Many of us are inspired by the biggest names in the history of exploration. Magellan. Shackleton. Hillary. Armstrong. We are amazed by their exploits and marvel at their accomplishments.
And we ask ourselves, “Could I do that?”
Exploration has been described roughly as “going somewhere no one has been before–usually at significant risk–for the purpose of scientific discovery”. There are several elements of that definition that scare off most of us, whether it is the part about going somewhere new or taking risks or conducting science. Therefore, we tend to leave exploration to the “professionals”, such as the members of the prestigious Explorers Club.
However, the world might be such a better place (and the future of humanity such a rosier vision) if more of us ventured out to explore the universe around us.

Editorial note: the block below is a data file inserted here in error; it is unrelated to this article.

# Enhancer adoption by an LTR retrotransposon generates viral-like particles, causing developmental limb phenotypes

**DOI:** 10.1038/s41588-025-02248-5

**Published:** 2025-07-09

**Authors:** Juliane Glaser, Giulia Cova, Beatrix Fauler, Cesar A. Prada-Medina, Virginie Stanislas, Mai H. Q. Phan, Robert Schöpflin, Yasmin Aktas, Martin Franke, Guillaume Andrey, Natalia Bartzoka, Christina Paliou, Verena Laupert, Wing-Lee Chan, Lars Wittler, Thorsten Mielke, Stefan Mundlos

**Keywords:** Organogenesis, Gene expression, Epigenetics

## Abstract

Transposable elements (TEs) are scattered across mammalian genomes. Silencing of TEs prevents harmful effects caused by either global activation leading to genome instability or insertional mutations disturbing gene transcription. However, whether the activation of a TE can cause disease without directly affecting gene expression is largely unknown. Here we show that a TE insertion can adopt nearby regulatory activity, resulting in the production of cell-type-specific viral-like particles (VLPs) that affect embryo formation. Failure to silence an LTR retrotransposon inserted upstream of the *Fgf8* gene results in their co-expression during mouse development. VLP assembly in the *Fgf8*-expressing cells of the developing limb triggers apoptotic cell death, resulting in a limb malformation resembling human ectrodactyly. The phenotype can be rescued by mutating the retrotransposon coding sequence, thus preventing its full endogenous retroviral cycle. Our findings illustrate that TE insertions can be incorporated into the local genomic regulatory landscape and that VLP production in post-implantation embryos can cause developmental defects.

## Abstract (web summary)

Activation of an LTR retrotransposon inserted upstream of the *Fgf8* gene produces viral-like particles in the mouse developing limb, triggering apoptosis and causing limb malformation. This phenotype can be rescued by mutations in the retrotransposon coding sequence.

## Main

Someone once said that the difference between science and exploration is that “science seeks answers; exploration seeks questions”. Since curiosity is at the core of exploration and human beings are naturally curious creatures, it stands to reason that each and every one of us has an Inner Explorer. We just have to connect with ourselves.
Fortunately, there are a growing number of opportunities for “citizen explorers” to join or support expeditions … or even conduct their own exploration efforts.
The University of Miami’s Rosenstiel School of Marine and Atmospheric Science recently launched a new Exploration Science program. Although it aims to teach scientists many of the skills they will need to conduct their own expeditions, it also provides opportunities for “citizen scientists” to get involved with exploration projects.
The team that brought us inexpensive DIY underwater robots is developing an online platform to foster a global community of “citizen explorers”. Through OpenExplorer, anyone can “explore their backyard” and share their findings with the rest of us.
With opportunities like these becoming increasingly available, we hope that many more people around the world will find their Inner Explorer.